Great Early Winter Conditions for Mixed Routes in the Alps

Winter does not usually come as early in Europe as it does in North America, especially over the last few years. However, the first cold spells, before the snow piles up, may provide the right conditions for climbs which can be only attained under very specific circumstances. Local climbers watch and wait. When the moment comes, as it did in the Dolomites and the Ecrins last week, they pounce.

When the first cold days drove back the usual climbers on the rocky face of Mount Agner, Nicola Bertoldo and Diego Dellai grabbed their ice tools and jumped onto a thin, ephemeral line of ice in a narrow gully of the face.


Ice paradise

The climbers described it as “a living route, modeled by nature.” The climbers took this unexpected opportunity to open a new line up a face that is usually popular because of its three via ferratte. It also has over a dozen rock lines, including the Spigolo Nord (the north spur), one of the longest routes in the Dolomites.

The vertical ice line stunned Bertoldo and Dellai as they entered the San Lucano Valley and stood face-to-face with Mt. Agner.

“I never thought such beautiful new lines still existed in the Dolomites,” Dellai wrote.

The climbers went for it, and the adventure resulted in a beautiful 375m line, which they graded as 5+, M6, 50′. They called it The Last Pearl because they might never again get a chance to open such an aesthetic ice line.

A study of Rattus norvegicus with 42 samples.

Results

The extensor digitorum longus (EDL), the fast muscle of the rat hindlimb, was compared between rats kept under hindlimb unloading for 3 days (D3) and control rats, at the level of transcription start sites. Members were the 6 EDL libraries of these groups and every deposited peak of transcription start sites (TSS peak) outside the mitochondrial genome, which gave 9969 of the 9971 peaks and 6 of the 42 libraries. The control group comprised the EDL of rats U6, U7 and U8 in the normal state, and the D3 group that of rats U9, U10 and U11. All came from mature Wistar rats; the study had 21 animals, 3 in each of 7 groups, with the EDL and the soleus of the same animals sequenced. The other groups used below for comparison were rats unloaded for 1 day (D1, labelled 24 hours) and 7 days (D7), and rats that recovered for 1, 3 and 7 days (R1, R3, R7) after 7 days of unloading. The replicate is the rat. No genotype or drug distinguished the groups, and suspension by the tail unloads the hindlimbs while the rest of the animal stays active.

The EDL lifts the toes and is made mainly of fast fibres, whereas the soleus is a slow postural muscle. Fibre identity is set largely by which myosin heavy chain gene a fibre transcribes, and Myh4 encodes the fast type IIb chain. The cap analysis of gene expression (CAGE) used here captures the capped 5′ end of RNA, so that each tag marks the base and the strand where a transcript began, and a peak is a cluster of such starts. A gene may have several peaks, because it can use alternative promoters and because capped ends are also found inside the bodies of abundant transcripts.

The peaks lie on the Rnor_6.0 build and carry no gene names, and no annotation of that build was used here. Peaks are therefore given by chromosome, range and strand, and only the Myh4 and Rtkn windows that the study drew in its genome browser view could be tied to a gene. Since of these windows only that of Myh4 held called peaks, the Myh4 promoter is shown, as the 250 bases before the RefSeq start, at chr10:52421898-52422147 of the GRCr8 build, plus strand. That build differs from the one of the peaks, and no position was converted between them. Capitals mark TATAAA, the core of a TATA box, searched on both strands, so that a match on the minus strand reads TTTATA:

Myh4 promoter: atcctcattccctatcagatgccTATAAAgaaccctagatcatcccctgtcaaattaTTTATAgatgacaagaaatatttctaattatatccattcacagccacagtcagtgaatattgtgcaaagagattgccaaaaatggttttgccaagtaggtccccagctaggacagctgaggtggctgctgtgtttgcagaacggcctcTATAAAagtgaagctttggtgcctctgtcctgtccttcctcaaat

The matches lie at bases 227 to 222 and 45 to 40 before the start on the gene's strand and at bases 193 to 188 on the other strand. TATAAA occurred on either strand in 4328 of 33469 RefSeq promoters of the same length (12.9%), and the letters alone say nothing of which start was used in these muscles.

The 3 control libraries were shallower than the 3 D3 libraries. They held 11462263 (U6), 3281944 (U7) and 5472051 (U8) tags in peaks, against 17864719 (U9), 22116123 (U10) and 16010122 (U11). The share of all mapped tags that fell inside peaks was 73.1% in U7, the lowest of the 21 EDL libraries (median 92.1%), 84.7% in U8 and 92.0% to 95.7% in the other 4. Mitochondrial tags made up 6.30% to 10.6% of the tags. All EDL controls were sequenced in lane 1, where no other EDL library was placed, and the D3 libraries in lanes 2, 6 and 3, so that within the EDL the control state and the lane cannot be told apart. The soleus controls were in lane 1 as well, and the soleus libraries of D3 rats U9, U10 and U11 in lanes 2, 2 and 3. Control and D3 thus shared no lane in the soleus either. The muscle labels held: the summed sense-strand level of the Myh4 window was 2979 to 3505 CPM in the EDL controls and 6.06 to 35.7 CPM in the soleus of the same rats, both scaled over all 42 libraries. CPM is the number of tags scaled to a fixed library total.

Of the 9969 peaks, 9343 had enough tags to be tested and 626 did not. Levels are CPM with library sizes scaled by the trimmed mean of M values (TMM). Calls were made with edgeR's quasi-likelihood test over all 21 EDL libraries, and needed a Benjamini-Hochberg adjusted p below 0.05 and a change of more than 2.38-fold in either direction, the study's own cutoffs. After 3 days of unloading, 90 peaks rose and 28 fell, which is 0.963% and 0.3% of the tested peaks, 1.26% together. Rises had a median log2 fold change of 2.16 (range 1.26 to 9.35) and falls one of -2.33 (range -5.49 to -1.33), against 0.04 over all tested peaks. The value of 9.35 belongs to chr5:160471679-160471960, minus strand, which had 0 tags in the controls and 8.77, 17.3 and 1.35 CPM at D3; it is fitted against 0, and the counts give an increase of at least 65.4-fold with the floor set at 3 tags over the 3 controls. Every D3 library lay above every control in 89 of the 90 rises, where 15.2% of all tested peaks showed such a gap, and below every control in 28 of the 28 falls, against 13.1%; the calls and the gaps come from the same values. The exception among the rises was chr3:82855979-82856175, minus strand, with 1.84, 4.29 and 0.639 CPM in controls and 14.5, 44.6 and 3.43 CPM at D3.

Waiting for years

A similar situation occurred on 3,914m Pic Sans Nom (Nameless Peak) in the Ecrins massif. Local ace Benjamin Vedrines and partners Nico Jean and Julien Cruvellier were patiently waiting for an ice route that only forms for short periods, once every few seasons.

“We had been waiting for the right conditions on this peak for years,” Vedrines wrote.

They were looking for a thread of ice that roughly follows the peak’s Georges-Russenberger line, first climbed in 1915. But once in a blue moon, a beautiful 1,000m line of ice appears. It was last climbed in mixed terrain in 2015.

“Setting out on skis, we bivouacked at the foot of the face on snow hardened by the storm winds,” Vedrines recalled. “Then Nico and I went to fix 100m of rope to save time the next day.

The trio set off at 4 am the next morning. All went well at first, with plenty of good ice, but higher up, the ice grew thinner and more fragile. The most difficult section was also very dry.

“After a few daring steps, jamming blades in the cracks, I found myself a few meters from another easier zone,” said Vedrines. “But it took me a few minutes of hesitation to finally take the last step in powdery snow laying over smooth rock.”

The climbers reached the summit via the west ridge, on steep rock, at twilight.

“At 6:15 pm, the three of us were up there, at the top, happy!”

Vedrines admitted they didn’t enjoy the descent down the northwest couloir, but once off the peak, the ski back under the full moon was “magical”.

Angela Benavides

Angela Benavides graduated university in journalism and specializes in high-altitude mountaineering and expedition news. She has been writing about climbing and mountaineering, adventure and outdoor sports for 20+ years.

Prior to that, Angela Benavides spent time at/worked at a number of local and international media. She is also experienced in outdoor-sport consultancy for sponsoring corporations, press manager and communication executive, and a published author.